23rd Sunday in Ordinary Time
In recent weeks I have found the continual battering Pope Francis has received, particularly from Clergy and Bishops and also some lay groups, one of the most unedifying things I have experienced in a reasonably long life in the Church.
I know, as do you all, that we desperately need to deal with situations in the Church that have led to so much pain and suffering, and we need to do it justly and with integrity and now not later!
But I am also aware that in a global Church the way the news is understood differs. Whilst the media has been occupied with the ex Nuncio to the USA, Archbishop Vigano's letter attacking the Pope, across the globe other issues also demand our heartfelt responses. The persecuted Church in the Middle East, the endemic poverty across swathes of our planet, the refugees harried and hustled, our poor plundered planet and its wildlife, so many species destroyed needs our drastic attention, now! So little time, so much urgency necessary to redress the destructive imbalance humans have created. The list goes on and on.
In my moods of gloom I keep reminding myself that the Lord called us not to do one thing or right one wrong but to go out and do many different things, the Good News comes in so many different ways. It is as the Prophet Isaiah puts it forcefully, to go out and:
"Strengthen hands that are feeble,
make firm knees that are weak,
Say to the fearful of heart:
Be strong, do not fear!
Here is your God,
he comes with vindication;
With divine recompense
he comes to save you." (Is 35:4-6)
That means that you and I are to move out of our introspection, lift up our eyes from the limits of the Institutional Church and gaze at the needs of the people of the kingdom, yes and the living creatures too!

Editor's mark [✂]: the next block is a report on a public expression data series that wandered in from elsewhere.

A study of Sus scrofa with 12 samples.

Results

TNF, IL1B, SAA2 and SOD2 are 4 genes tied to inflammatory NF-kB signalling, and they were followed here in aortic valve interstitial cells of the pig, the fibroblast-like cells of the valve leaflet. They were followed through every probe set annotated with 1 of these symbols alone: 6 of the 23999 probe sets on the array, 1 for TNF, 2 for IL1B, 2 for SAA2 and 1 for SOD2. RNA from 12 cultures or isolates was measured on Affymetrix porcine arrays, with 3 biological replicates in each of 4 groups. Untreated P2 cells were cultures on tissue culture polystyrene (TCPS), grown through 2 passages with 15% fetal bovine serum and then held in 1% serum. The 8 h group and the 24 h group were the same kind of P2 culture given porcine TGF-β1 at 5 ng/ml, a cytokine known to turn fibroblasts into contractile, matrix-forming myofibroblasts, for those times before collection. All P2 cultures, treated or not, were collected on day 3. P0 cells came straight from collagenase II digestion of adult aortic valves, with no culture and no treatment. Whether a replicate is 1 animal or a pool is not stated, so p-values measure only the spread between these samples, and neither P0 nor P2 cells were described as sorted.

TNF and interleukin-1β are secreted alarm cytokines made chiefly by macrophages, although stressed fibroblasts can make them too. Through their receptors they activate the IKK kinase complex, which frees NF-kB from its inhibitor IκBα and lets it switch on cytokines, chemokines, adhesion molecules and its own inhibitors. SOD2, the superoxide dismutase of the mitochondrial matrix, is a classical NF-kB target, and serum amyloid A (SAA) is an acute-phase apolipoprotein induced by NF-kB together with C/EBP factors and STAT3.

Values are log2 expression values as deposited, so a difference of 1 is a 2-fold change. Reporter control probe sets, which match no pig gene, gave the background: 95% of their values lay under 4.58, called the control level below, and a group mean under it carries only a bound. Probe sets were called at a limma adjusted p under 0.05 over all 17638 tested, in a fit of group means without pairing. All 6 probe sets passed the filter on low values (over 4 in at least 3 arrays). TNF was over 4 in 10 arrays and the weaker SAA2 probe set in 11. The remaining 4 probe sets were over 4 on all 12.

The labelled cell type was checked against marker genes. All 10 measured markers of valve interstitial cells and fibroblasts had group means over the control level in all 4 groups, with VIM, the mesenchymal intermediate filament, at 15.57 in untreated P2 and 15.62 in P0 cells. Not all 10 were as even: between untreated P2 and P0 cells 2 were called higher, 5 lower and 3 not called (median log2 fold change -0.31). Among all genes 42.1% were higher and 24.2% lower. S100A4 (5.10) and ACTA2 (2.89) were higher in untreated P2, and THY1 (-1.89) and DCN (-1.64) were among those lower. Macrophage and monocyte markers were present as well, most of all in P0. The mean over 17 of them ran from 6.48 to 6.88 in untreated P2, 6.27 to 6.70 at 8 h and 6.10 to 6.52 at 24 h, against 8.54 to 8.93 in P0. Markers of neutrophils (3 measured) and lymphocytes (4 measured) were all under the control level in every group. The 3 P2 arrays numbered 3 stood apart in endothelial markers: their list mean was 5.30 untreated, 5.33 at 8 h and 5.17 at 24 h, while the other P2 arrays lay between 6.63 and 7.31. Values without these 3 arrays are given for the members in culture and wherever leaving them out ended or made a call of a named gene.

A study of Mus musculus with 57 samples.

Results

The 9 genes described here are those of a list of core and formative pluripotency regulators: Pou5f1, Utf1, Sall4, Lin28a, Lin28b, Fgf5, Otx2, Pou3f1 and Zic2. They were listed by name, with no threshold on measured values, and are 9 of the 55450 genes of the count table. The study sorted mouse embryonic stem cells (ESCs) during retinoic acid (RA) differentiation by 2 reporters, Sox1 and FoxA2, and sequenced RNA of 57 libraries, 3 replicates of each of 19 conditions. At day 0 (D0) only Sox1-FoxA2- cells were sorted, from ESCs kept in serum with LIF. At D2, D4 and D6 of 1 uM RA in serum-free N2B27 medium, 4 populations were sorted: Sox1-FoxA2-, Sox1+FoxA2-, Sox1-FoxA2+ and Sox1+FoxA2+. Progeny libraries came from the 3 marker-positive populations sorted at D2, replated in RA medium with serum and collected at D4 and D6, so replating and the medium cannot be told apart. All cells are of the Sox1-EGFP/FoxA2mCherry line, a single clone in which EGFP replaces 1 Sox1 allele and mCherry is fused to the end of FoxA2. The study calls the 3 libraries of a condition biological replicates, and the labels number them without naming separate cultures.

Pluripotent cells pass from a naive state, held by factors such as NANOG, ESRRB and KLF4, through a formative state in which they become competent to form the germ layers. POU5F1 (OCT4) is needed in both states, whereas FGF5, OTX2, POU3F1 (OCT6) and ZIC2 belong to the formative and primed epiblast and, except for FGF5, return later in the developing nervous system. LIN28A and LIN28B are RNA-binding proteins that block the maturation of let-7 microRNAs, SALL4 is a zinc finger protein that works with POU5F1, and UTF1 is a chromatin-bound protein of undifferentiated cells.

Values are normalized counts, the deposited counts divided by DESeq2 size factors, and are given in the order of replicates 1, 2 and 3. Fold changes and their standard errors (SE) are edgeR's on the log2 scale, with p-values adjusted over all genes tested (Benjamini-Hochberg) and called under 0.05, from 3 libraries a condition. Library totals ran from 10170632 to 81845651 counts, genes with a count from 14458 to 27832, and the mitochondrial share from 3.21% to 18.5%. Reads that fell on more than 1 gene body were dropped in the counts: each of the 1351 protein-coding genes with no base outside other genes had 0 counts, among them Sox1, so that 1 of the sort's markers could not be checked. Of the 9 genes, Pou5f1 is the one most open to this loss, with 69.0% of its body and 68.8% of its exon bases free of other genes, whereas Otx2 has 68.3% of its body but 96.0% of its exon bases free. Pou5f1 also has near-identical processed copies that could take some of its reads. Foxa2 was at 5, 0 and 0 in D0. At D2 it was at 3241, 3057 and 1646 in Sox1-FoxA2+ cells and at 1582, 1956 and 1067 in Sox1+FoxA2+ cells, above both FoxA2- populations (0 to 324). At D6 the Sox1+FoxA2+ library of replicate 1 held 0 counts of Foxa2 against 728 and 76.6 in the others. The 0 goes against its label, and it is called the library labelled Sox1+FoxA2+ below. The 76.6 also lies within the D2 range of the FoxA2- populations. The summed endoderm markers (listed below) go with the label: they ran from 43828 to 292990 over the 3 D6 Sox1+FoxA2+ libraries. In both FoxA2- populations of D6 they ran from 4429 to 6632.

The Kingdom is not the Institutional Church at any moment in time; it is far, far wider and deeper than that. The one word I keep coming across is that word 'listen', James writes to us about listening to the promises of God. There lies true obedience, listening to each other and to God, discerning together.
So, where are the voices of the powerful in any of this? Where is the leadership that can help us battle against unjust structures and badly thought out laws, that can help the oppressed challenge the institutional systems of power? We have been here before; the scriptures show us scenarios familiar enough.
What you and I must not do is rely too much on the systems of power, even in the Church, to help us get to grips with things, doesn't James tell us to beware of paying too much attention to the powerful. His words echo the constant teaching of Jesus: "Listen my beloved brothers and sisters. Did not God choose those who are poor in the world to be rich in faith and heirs of the Kingdom that he promised to those who love him?' (Jas 2:5) Those who are truly poor in heart know well that the greatest gifts of the Spirit are three virtues, needed so badly; they are faith, hope and love! Hold firm to that, these are the gifts that will never dull or tarnish, they are gifts given to those who truly seek God. May we be such persons!
Fr Robin Gibbons is an Eastern Rite Chaplain for the Melkite Greek Catholics in Britain.